Former FBI Director James B. Comey said Sunday he hasn’t been contacted by John Durham, the U.S. attorney tapped to review the 2016 probe into the Trump campaign, and he’s “not worried at all” as President Trump derides him as a dirty cop.

Speaking to CBS’ “Face the Nation,” Mr. Comey said he saw reports that former CIA Director John O. Brennan was interviewed as part of the Durham probe.

But Mr. Comey hasn’t spoken to Mr. Durham and said he “can’t imagine” that he is a target in the investigation.

“Given that I know what happened during 2016, which was a bunch of people trying to do the right thing consistent with the law, I’m not worried at all about that investigation of the investigation,” Mr. Comey said. “Next, I’m sure, will be an investigation of the investigation of the investigation. They just want to have an investigation to talk about.”

The Durham team is poring over the 2016 probes as Mr. Trump fumes over the saga that loomed over his first term, including former special counsel Robert Mueller’s probe, which found no criminal conspiracy between the Trump campaign and Russia.

A Senate Intelligence Committee report published last week didn’t find evidence of collusion to influence the election but highlighted unusual contacts between a high-ranking campaign official and someone they describe as a Russian intelligence officer.

While there are no indications Mr. Brennan and Mr. Comey are targets of the Durham probe, former FBI lawyer Kevin Clinesmith pleaded guilty Wednesday to making false statements, admitting that in early 2017 he altered an email to say former Trump campaign aide Carter Page was not a source for the CIA when, in fact, he was.

Mr. Trump fired Mr. Comey in May 2017 and frequently rails against him as crooked, saying he used FBI powers to spy on his campaign.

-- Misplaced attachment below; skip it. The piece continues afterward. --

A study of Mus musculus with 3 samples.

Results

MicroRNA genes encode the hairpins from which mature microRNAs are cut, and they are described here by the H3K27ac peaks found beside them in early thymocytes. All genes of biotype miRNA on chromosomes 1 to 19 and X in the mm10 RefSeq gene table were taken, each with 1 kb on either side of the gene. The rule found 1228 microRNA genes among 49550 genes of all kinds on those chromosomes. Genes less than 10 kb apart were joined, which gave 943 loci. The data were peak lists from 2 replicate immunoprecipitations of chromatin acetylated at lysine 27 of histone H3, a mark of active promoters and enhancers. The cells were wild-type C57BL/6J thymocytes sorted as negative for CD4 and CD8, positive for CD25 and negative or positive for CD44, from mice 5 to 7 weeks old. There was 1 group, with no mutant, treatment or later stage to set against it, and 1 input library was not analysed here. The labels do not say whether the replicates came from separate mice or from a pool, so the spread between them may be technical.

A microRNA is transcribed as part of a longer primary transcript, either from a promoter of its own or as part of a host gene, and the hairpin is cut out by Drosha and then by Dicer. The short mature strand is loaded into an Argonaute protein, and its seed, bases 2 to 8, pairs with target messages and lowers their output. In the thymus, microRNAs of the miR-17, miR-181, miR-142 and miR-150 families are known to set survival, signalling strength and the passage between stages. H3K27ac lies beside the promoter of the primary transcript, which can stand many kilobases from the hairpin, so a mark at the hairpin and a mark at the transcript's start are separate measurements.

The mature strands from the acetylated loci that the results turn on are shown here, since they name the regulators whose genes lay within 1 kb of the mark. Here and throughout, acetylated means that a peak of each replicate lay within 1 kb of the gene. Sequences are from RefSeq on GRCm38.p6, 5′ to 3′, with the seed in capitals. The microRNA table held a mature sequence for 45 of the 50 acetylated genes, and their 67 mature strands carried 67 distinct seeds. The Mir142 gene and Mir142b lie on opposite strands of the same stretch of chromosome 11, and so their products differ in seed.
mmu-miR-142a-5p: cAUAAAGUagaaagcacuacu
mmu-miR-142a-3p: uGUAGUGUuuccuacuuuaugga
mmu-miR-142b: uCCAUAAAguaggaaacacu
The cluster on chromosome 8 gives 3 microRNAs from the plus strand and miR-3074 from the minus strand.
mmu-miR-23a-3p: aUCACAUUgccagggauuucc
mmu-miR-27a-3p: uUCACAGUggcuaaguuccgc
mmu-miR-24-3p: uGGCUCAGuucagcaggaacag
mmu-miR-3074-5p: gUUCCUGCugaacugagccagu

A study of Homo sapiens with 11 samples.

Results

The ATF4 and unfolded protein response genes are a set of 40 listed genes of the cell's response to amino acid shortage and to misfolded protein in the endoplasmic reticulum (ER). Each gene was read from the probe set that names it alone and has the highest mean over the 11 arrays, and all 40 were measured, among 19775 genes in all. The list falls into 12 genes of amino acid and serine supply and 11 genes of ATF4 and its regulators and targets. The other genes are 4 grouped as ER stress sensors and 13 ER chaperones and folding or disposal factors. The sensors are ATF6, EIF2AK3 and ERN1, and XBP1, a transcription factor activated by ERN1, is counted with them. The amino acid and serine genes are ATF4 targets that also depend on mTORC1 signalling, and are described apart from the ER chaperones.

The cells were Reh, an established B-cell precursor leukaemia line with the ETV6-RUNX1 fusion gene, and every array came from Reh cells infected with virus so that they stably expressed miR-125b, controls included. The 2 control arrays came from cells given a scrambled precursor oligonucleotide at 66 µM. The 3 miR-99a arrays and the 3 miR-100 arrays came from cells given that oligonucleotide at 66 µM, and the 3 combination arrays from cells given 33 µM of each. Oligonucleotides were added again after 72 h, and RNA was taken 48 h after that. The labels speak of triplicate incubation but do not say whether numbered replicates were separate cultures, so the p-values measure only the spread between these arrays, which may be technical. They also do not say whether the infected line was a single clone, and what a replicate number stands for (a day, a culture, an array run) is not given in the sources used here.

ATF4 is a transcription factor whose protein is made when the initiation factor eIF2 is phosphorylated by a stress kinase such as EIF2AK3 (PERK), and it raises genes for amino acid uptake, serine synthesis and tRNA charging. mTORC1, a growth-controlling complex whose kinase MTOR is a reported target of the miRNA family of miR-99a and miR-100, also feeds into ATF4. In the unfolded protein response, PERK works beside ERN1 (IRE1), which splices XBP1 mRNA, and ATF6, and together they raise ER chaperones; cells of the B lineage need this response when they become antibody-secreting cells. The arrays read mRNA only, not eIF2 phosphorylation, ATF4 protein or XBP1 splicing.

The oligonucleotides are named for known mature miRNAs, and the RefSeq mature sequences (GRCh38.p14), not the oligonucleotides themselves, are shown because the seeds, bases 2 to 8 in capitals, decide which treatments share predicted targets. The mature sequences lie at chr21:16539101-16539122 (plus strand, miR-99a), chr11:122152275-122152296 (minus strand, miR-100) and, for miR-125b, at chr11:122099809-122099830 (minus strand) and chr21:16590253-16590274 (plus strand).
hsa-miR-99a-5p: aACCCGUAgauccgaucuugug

Speaking to CBS, Mr. Comey defended his agency for looking into Russia’s activities vis-a-vis the Trump campaign, citing the Senate report that detailed frequent communications between ex-campaign chairman Paul Manafort and Konstantin Kilimnik, a Ukrainian businessman who the committee describes as “a Russian intelligence officer.”

“Let that sink in and then ask yourself, so there was nothing to investigate here, as [Attorney General] Bill Barr says, it was a hoax? The Republicans have exploded that nonsense,” Mr. Comey said, referring to GOP lawmakers who signed off on the intelligence report.

The committee said it was “unable to determine why” Manafort shared sensitive internal polling data and campaign strategy with Mr. Kilimnik, or if Mr. Kilimnik further shared that information.

Sen. Mark Warner, Virginia Democrat, highlighted this portion of the report as the most explosive.

“Maybe one of the most stunning was the level of detail of the then-campaign manager Paul Manafort sharing very specific campaign information with a Russian agent,” Mr. Warner told NBC’s “Meet the Press.” “We’ll never know what the Russians did with that information, but think about that. A campaign manager, sharing with a known Russian agent during the middle of a campaign.”

Mr. Comey, meanwhile, accepted criticism for not taking a more aggressive stance in warning the Democratic National Committee that Russians gained access to their servers. Hacked emails were released by Wikileaks, upending Hillary Clinton’s campaign.

“I think at the time, our folks thought that just telling an institution that the Russians are inside your house was enough,” Mr. Comey said. “But I think part of what may have led to a lack of urgency at the DNC and at the FBI is that nobody anticipated this wasn’t normal intelligence gathering by the Russians, this was an effort to weaponize. And if anybody had seen that, I think they would have yelled a little bit more loudly.”

He also said he regretted becoming involved in the 2016 race — but had no choice — after Mrs. Clinton tweeted a smirk at Mr. Comey’s recently tweeted photo of himself wearing an “Elect More Women” T-shirt.

Clinton supporters blamed her loss in large part on late revelations from the FBI about her use of a private email server for official business and its connection to a probe of ex-Congressman Anthony Weiner.

“We were stuck, and I think we made the right decisions choosing between terrible options,” Mr. Comey said. “And so I wasn’t trying, nor was anybody else in the FBI trying to elect or not elect anyone.”

• Jeff Mordock contributed to this report.